Lynn Whitfield's Performance In Hallmark's 'We Need A Little Christmas' Is Inspired By Her Aunt

This is the Emmy-Award winner and Louisiana native’s first Hallmark Christmas movie.

©2022 Hallmark Media/Hugh Tull
©2022 Hallmark Media/Hugh Tull

Lynn Whitfield has graced our television screens for decades in shows that are woven into the cultural fabric of this country including Hill Street Blues, Heartbeat, and Greenleaf. She's appeared on the big screen in films such as All Things Fall Apart, The Women, and she won an Emmy Award for her portrayal of Josephine Baker in the 1991 HBO film, The Josephine Baker Story. But there was one thing the Baton Rouge born actress had not done yet–until now.

We Need a Little Christmas kicked off the seasonal programming on Hallmark's Movies & Mysteries network's "Miracles of Christmas" on Saturday, October 22 and it is the first Hallmark Christmas movie for the entertainment veteran. "Most of my career I've done very complex characters and with a bit of an edge. So to see the faces of people light up when I said, 'oh I'm doing a Hallmark Christmas movie?' They are like 'oh my God, we love those!' So I didn't know that it had this sort of cult following. I had not a clue. And everybody, people that I never would have expected, are so excited about their Christmas movies," Whitfield told Southern Living.

In Whitfield's first role for the home of all things merry and bright, she plays Irene, an older woman who has lived on her own for many years when new neighbor Julie and her son Gavin move in next door. Julie is grieving the loss of her husband and business partner. She's struggling to juggle running her business and care for her son. Irene, widowed and retired, keeps very busy volunteering in various ways to help her community. That's just how she forms a special bond with Julie's son. Gavin and Irene strike up a friendship while Irene is helping out at a Christmas themed day camp. While preparing for this role, it was this character's sense of duty to the community where Whitfield found her connection.

"I was having a difficult time figuring out this lady who made sugar cookies for the mail lady and took sweet potato pies, or a fruit cake to the fire station, and at the community center did her magic act because she was a performer at one point. Until I realized that she was so similar to my Aunt Elayne who passed on about 17 years ago." Whitfield elaborated on how Aunt Elayne shared so many qualities with this make believe character. "She was one of those people who would start [decorating] early. And she's one of those people who really reached out into the community and volunteered her time at senior centers and went to school to read books. And I said oh my god I have an opportunity to embody some of the goodness and no matter what else was going on in her life and things weren't always happy, she found great satisfaction in doing stuff for other people."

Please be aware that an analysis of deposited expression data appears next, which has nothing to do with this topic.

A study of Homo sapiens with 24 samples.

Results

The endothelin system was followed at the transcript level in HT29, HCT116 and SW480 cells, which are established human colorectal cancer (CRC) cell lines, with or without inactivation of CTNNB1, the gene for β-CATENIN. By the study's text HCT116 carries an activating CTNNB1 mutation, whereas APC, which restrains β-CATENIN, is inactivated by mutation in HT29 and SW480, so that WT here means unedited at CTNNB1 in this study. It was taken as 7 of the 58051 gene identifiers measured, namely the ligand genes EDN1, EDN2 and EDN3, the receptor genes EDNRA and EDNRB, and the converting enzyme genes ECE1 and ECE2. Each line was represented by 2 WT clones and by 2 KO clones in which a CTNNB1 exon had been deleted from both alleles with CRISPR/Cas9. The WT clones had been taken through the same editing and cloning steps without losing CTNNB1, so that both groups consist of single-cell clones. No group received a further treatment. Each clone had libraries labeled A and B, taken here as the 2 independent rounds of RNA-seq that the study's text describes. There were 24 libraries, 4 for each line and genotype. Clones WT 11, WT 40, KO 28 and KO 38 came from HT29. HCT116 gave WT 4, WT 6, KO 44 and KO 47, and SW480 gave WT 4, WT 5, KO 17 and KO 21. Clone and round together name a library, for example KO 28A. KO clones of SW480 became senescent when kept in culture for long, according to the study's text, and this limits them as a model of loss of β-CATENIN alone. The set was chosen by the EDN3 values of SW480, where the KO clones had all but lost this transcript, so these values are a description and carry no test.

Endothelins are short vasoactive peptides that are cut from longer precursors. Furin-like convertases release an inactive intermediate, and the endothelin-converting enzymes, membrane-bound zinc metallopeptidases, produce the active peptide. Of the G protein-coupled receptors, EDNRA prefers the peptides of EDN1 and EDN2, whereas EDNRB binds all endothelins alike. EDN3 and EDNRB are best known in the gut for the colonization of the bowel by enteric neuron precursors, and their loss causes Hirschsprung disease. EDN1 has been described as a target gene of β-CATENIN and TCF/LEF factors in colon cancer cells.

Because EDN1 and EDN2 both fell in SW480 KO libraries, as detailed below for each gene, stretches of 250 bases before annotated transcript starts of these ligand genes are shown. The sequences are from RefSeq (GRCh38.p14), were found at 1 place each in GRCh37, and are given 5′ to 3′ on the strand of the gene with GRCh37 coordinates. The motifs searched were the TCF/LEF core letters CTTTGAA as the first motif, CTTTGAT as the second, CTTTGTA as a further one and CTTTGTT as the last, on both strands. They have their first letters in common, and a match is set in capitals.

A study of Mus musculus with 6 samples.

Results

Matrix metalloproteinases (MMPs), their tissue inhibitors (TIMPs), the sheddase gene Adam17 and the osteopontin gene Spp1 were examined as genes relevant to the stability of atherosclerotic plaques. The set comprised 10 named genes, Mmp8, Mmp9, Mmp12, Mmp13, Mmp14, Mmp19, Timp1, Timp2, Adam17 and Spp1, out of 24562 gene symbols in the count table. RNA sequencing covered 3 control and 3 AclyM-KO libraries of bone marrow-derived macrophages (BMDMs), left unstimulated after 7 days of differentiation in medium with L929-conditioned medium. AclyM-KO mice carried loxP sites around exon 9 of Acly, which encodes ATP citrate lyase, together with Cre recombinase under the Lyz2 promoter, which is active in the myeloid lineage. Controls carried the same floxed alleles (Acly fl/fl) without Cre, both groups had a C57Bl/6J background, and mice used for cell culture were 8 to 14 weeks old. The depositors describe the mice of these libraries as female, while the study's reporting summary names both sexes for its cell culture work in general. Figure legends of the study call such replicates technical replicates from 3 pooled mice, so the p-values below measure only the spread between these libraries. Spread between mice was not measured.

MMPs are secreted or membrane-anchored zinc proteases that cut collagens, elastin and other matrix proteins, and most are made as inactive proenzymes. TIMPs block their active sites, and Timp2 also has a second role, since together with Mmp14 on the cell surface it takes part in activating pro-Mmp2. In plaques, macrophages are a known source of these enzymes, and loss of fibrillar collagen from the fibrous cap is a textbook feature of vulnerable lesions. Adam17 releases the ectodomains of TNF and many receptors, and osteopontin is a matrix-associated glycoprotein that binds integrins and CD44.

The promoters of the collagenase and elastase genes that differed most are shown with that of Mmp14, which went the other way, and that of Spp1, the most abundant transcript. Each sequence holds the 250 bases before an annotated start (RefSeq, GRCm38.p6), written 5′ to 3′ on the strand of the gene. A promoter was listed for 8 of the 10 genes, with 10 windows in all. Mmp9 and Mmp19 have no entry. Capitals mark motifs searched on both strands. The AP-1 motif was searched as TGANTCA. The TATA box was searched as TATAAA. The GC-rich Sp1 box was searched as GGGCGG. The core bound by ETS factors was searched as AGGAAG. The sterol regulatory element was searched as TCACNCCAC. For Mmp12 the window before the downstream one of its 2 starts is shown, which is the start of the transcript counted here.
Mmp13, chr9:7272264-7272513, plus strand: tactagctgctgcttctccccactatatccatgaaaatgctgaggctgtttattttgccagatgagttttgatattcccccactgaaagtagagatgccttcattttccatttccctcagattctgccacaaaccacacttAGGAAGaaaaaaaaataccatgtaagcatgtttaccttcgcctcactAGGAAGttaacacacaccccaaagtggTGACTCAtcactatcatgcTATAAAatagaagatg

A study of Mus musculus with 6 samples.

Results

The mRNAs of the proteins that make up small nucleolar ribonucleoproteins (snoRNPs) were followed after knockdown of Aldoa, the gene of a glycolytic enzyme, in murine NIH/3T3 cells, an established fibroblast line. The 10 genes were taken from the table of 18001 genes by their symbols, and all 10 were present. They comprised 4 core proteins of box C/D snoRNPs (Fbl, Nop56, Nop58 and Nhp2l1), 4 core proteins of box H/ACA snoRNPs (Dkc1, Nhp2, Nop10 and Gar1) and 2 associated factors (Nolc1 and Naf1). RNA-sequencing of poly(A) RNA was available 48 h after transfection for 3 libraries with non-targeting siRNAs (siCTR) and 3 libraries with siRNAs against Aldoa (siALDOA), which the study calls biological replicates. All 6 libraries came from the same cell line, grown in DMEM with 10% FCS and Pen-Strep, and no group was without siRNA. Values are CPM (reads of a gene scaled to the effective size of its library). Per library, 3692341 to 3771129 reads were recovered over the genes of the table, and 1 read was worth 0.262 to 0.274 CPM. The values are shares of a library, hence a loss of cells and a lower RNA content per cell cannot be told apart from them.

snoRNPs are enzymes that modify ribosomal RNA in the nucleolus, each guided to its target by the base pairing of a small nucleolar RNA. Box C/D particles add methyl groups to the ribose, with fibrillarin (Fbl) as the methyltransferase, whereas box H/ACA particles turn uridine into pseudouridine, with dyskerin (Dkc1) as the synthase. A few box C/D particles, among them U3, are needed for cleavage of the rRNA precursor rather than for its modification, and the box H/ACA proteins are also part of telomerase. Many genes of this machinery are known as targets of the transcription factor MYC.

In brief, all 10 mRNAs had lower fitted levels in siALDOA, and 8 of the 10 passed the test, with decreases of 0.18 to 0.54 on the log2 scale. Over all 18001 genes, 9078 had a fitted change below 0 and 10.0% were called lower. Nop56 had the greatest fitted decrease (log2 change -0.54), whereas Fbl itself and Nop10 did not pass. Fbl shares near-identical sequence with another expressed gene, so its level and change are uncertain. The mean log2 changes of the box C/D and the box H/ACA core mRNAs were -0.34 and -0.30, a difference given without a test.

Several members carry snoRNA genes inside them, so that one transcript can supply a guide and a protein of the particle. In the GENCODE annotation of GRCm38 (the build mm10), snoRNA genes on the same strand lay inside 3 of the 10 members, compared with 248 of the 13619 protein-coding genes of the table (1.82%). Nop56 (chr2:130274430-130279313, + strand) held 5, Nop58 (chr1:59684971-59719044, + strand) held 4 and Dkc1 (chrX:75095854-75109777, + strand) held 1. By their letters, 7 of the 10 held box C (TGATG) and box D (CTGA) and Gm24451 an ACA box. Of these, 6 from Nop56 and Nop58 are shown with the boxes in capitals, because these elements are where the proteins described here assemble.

While working on this festive film, Whitfield was also reminded of her big Southern Christmases growing up in Baton Rouge, Louisiana. " I don't think people know but Southern people, there's a big tradition of crafting in the South," she said with a hearty laugh. She spoke about brightly colored, flocked Christmas trees. "We would make crepe paper flowers, roses with the tiny Christmas balls in it with gold or silver or whatever the designer thing was. My mother was very designer holidays. But the trees were designer but the food was good ol' Southern. I mean my mother makes the best cornbread dressing in the world."

"I'm a child of divorce, the crafting and all of that distracts from all other issues. And we would join together in a common goal to create these beautiful decorations. So that's what it would be like for us." Whitfield also told us about how she's carried one particular creative tradition from her family with her into adulthood. Something inspired by another aunt.

"At 8 years old, and I'm very proud of it, I got Aunt Vi's praline recipe. So that gave me great bargaining chips for everything because I was the only one. And my mother would watch me at the stove because you know you have to stir, and stir and stir. Well I got the recipe for the pralines and the shortbread cookies. Honey, I was a star. And people would line up, you know?"

She went onto say that even when she moved away from the South and was living in New York City, friends would wait all year for her special pralines. She plans to make more this year, at least for her mother. For anyone attempting to make their own pralines this season, she has some advice. "But at the end of the day they are smooth and buttery and that's what they need to be. Don't ever let anybody push off one of those crunchy, sugary, where you see all the grains of sugar? No, that's not real pralines, that's a mess," she said with another laugh. Yes ma'am. Noted!